Guide to Content Delivery Network

23 Jan 2022 ⏱️ 5 min
Guide to Content Delivery Network

Remember the last time when you were reading blogs like this, watching videos or scrolling through shopping sites. Each time you were using CDN indirectly. CDN is one of the backbone of modern world internet infrastructure and solves an important problem of latency. Static assets like images and videos are now almost on every website, larger the files -> higher is the bandwidth required to serve these assets. CDN solves this exact problem by distributing assets on servers throughout the network.

This article is a part of System design series. In this article, I’ll explain about CDN and how it works. We will also cover the benefits of CDN and when to avoid CDNs. Also, this is a common component of system design interviews that you don’t want to skip. Let’s learn CDNs.

Preparing for Interviews? I highly recommend Mastering System Design course on Educative.

Introduction to CDN

In simple terms, A content delivery network (CDN) is a network of group of servers that are geographically distributed. These group of servers work together to provide faster delivery of assets. As the name suggests, CDN ensures faster transfer of assets needed for the Internet including images, videos, HTML pages, etc. At core, CDNs responsibility is to ensure the content is delivered throughout the globe efficiently. Over half of all traffic is already being served by CDNs. That’s how important is CDN to internet.

CDN Overview

For example - I own the next social media website that is serving customers throughout the world. But since I’m serving this website from some server in India, a visitor accessing from US would face higher load times and bandwidth due to large distance.

To avoid the confusion, a CDN doesn’t host content rather it helps in caching content at the network edge. With the help of global network of servers, CDN virtually shortens the physical distance between customer and origin servers, resulting in better site load times and performance.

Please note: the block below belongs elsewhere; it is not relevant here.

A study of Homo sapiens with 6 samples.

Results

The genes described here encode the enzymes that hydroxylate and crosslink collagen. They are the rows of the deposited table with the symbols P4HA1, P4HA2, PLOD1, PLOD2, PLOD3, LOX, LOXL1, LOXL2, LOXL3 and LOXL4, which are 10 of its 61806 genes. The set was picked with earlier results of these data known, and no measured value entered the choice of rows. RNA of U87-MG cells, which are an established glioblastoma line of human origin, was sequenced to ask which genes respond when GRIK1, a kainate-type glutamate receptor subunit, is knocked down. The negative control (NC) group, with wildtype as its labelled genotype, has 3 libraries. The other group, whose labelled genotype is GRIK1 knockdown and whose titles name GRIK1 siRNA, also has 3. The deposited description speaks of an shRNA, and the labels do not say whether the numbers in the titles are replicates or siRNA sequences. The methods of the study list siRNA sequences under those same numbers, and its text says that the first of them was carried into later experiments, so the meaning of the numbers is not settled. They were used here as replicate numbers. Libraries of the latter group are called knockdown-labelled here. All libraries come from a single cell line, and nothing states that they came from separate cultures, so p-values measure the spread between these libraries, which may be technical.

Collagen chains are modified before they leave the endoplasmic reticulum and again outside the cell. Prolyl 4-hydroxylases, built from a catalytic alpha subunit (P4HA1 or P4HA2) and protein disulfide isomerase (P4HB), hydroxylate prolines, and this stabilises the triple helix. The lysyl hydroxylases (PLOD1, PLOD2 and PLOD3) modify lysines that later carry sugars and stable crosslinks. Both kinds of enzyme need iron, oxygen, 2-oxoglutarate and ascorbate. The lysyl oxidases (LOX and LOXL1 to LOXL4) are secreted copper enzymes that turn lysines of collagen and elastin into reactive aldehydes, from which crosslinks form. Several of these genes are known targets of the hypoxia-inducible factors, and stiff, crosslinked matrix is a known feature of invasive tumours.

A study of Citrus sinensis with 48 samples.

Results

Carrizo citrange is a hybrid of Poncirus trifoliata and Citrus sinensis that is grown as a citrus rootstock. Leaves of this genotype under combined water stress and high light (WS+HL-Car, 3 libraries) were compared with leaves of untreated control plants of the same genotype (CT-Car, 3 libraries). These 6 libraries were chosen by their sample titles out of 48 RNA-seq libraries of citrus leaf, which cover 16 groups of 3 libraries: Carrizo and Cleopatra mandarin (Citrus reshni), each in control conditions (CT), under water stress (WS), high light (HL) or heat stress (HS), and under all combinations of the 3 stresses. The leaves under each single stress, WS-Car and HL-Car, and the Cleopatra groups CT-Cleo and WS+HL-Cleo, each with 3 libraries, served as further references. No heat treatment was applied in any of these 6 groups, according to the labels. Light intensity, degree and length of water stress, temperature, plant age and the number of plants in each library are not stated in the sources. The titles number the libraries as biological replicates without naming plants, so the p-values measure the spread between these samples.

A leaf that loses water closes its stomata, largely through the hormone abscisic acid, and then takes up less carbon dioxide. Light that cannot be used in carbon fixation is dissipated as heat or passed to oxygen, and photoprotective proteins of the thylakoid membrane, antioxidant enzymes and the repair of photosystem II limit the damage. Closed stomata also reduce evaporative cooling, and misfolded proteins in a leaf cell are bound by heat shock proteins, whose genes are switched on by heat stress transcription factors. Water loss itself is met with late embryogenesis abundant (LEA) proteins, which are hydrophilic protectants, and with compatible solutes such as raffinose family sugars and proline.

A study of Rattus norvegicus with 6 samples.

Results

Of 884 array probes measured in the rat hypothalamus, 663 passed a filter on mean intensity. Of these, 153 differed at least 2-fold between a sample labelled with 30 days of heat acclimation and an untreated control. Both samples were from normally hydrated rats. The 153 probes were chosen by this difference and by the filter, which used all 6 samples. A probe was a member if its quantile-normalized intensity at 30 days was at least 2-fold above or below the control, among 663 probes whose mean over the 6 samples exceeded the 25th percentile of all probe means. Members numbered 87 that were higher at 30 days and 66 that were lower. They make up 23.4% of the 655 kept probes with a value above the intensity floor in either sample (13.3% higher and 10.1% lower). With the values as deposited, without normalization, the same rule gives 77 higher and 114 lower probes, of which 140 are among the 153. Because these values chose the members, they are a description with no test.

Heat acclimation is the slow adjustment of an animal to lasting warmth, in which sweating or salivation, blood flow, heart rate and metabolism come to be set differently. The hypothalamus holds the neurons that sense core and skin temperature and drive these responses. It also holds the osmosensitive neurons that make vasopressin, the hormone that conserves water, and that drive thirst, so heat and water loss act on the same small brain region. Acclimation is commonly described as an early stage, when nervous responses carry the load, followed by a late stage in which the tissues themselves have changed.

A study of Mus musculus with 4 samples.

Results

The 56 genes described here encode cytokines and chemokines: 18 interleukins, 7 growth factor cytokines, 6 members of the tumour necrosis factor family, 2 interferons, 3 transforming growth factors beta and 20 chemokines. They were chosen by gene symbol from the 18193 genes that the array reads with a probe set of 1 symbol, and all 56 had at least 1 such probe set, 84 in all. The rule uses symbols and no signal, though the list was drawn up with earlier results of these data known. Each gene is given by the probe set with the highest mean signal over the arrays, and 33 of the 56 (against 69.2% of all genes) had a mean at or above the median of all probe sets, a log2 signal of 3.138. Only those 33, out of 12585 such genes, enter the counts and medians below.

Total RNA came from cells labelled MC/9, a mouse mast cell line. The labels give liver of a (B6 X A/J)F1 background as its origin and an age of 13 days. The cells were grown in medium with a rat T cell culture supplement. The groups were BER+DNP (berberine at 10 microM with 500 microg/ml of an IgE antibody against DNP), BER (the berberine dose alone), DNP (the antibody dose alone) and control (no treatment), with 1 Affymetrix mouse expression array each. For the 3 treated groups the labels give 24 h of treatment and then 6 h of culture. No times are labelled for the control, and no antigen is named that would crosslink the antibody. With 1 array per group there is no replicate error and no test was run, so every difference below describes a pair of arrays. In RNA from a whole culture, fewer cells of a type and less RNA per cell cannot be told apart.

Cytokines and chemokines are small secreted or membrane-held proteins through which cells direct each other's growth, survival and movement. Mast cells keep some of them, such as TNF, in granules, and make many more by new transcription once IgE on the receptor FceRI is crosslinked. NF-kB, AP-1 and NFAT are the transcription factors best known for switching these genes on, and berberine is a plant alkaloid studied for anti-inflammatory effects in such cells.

Today, a lot of cloud services provide CDN. Some of the popular ones are Cloudflare CDN, AWS Cloudfront, GCP Cloud CDN and Azure CDN. Do check them out if you want to use CDN in your websites.

How does CDN works?

CDN is a network of servers linked together with the goal of delivering content as quickly, cheaply, reliably, and securely as possible. In order to improve speed and connectivity, a CDN will place servers at the exchange points between different networks.

CDN uses Internet exchange points aka IXP that help in exchanging data between ISPs across network. By having a connection to these high speed and highly interconnected locations, a CDN provider is able to reduce costs and transit times in high speed data delivery.

To minimize the distance between the visitors and your website’s server, a CDN stores a cached version of its content in multiple geographical locations. Each location (IXPs) contains a number of caching servers responsible for content delivery to visitors within its proximity.

Types of CDN

There are two types of CDN that are used based on how data is transferred between CDN and origin server.

Push based CDN

In this type, the website owners need to push new data to CDN. CDN then propogates the new data across it’s network of servers. Push CDNs require more maintainance effort since you have to push new changes to CDN.

Push based CDN

Pull based CDN

In this type, CDN checks if a file is present. If not, then it fetches the asset from origin server, cache the new data and then send it to user. One problem in Pull based CDN is invalidated cache. If CDN already has a cache, it won’t fetch file from origin server even if it has a newer version of that file. But, this can be solved with invalidating cache after a certain threshold of time.

Pull based CDN

Benefits of CDN

  • CDN helps in distributing data closer to the customers that helps in reducing website load times. Without CDN the client request needs to be served by the origin server. Thus CDN can reduce bounce rates and increase the amount of time that people spend on the site.
  • CDN can handle more traffic and withstand hardware failure better than many origin servers. If if one of the server of CDN goes down, the distributed network ensures that the request is served efficiently. Thus, CDN ensuring high availablilty for services.
  • Since it lies on the edge of the network, CDN helps in improving security by mitigating against DDOS and other security vulnerabilities on your applications.
  • CDN can store reduced file size version using file compression that can help in improving load times. This results in serving different file sizes based on bandwidth.

When to not use a CDN

if you are running a strictly localized website or your customers lie in a specific geographical location. Then, serving them by hosting server in that region should a fair choice. There is no need to use CDN and add additional network hop for no benefit. Conversely this can rather impact your website performance. Also CDN is not the best choice when your data is quite dynamic because the cache needs to be updated quickly.